CHICAGO — Like many wives of deployed military personnel, Park Forest resident Rianne Toll is burdened by a heavy heart and a fuller plate.
Her husband, Jeffrey Toll Jr., is in the Navy Reserve and has worked in an armory in Kuwait for the past eight months.
His absence leaves the stay-at-home mom in charge of their three children - ages 14, 12, and 9 - all whom live at home with her in their middle-class, ranch-style house in the 100 block of Shabbona Drive.
"Everything has gone wrong in this house since he left," Toll said, handing her youngest daughter a Hot Pocket fresh out of the microwave.
"My (water) pipes busted in the back room. My furnace went out. My truck broke down, and the hamster got lost. You name it, it has happened here."
Then, the roof of her house started to leak during one of the coldest winter months.
Luckily for her family, the Veterans of Foreign Wars and Operation Homefront organizations donated $3,500 to buy Toll and her family a new roof, a back door and a front screen door.
Although they can't fly her husband home, they hired contractors to fix the roof and install the new doors on behalf of the couple.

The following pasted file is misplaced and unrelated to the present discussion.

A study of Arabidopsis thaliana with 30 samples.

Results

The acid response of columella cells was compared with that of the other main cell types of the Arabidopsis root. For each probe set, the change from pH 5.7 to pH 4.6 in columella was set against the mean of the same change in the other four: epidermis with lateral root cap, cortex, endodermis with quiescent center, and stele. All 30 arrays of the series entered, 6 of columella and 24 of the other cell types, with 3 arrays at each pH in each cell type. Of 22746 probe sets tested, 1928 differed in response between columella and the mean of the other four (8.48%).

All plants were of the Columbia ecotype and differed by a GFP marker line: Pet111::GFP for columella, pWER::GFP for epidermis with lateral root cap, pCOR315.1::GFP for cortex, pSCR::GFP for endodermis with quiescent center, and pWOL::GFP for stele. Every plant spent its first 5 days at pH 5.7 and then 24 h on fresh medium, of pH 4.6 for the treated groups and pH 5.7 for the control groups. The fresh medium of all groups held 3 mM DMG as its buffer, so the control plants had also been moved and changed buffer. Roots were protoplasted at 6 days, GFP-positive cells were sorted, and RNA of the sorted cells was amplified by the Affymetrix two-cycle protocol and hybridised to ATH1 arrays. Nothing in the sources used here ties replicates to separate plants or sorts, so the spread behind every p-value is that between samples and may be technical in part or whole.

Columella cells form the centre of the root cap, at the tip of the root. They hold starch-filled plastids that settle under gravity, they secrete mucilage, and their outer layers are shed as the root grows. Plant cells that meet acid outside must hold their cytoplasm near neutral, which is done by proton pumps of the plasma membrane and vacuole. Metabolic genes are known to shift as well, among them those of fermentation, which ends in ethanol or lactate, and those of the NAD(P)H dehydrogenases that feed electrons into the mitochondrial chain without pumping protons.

"She is a spouse of an active-duty member," Veterans of Foreign Wars 16th District Cmdr. Robert Mcleod said. "She's nowhere close to getting the assistance she needs while he's overseas serving his country."
Toll said she first noticed the roof leak in February. Stemming from the snow and ice on the roof, water began dripping into the corner of her son's bedroom, pulling the paint out.
"When it rains, I also get three wet spots in the kitchen ceiling," Toll said, adding that she called Mcleod immediately after recognizing the water damage. "When it gets hot out, they dry up and go away."
Mcleod said the VFW scrounged up $2,500, and Operation Homefront contributed $1,000 to pay for the repairs.
"We don't do enough for our military families," Operation Homefront case manager Glenda Cain said. "These guys are what keeps this land free. It's important to support them."
Although Toll said she is receiving money from her husband through the government, she noted that he earned more money in his job as a Harvey police sergeant.
"He doesn't make as much as he does at his civilian job, so it's hard to make ends meet and make home repairs," Toll said. "It is hard. It's very hard. You're like a single parent. You have to do everything yourself."
Throughout the process of her husband's deployment, Toll said she stays in touch with him by phone and tells him everything, including news of the free repairs.
"He's so excited and thankful," Toll said. "I'll just say I'm blessed to have these organizations that help military families. There's nothing else out there to help us."